Defining Ecotourism and Responsible Tourism

By Ron Mader

The term "ecotourism" seems to have a different definition for everyone. While the details vary, most definitions of ecotourism boil down to a special form of tourism that meets three criteria:

  1. It provides for conservation measures;
  2. It includes meaningful community participation;
  3. It is profitable and can sustain itself.

These three components of ecotourism are difficult to accomplish individually, let alone as a package. Moreover, they are difficult to measure or quantify. Assuming you wanted to know which are the "best ecotourism destinations," the question must follow: How is one to judge?

Membership in groups such as The International Ecotourism Society requires only the payment of a membership fee. Members sign a pledge stating that they will be a "responsible traveler or travel-related professional who conserves natural environments and sustains the well-being of local people."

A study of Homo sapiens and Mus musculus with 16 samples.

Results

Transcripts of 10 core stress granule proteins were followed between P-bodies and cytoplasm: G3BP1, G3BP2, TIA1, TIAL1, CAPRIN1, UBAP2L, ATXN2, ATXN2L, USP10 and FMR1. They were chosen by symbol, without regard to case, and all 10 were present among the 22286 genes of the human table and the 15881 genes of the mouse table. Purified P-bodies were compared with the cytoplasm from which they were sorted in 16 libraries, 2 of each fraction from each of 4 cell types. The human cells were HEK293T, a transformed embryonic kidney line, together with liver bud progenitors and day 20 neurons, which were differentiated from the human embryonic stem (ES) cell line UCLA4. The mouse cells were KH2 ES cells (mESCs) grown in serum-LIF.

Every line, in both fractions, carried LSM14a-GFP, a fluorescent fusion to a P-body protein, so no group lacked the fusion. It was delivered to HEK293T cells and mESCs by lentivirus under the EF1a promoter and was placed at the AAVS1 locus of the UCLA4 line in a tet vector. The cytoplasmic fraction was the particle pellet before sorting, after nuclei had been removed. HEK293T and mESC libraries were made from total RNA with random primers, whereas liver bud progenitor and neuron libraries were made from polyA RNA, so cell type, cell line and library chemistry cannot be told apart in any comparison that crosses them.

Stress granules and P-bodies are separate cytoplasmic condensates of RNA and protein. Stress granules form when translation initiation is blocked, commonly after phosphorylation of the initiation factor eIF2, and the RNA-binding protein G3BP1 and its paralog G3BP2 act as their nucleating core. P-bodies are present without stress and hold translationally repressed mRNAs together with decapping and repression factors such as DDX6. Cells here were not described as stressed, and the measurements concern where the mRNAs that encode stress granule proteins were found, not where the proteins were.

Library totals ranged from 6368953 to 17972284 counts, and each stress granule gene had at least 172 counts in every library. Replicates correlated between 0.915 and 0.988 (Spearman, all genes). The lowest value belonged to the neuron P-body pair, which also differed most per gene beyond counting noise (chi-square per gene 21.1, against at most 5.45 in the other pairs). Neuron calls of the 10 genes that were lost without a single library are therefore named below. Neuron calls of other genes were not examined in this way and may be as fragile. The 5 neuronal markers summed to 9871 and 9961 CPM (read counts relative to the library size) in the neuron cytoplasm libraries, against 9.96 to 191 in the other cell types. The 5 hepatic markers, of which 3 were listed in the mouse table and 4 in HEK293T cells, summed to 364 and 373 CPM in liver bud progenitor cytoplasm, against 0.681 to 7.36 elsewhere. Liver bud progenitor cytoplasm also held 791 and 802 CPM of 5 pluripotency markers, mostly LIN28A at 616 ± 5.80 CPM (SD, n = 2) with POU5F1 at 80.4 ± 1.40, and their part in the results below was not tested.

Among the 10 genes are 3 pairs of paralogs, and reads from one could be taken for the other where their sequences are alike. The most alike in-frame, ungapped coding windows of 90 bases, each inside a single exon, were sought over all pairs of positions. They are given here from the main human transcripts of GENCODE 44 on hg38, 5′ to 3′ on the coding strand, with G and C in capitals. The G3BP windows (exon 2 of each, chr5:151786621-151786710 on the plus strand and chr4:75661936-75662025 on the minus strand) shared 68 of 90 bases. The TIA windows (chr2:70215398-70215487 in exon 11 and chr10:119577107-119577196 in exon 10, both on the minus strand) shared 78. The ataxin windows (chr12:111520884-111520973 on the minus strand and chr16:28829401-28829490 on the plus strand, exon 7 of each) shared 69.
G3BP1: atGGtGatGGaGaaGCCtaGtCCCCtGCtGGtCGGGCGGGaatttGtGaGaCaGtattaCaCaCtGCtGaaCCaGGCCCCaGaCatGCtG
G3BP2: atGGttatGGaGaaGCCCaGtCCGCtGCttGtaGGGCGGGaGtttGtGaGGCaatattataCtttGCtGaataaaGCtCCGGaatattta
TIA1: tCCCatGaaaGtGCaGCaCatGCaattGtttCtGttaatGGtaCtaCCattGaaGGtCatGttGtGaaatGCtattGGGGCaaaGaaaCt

While this ethic sounds good and this self-regulatory system boasts the best of intentions, it lacks any system of double-checking information and no "teeth." If projects are to be considered ecotourism, they must include local participation and they must assist conservation efforts. This is not to say that tourism services that don't include these components are bad. They simply are not ecotourism.

We need to pay special attention to the consequences of ecotourism—some of which are negative impacts to both local cultures and the environment.

“Responsible tourism” calls attention to the fact that much of tourism simply is not responsible. Locals are exploited. Natural or cultural resources are treated with disrespect.

For travelers, responsible travel is simply treating others with the same respect you would ask for in your own community. While the tourism industry has long touted "destinations," in fact we are simply entering someone else's home.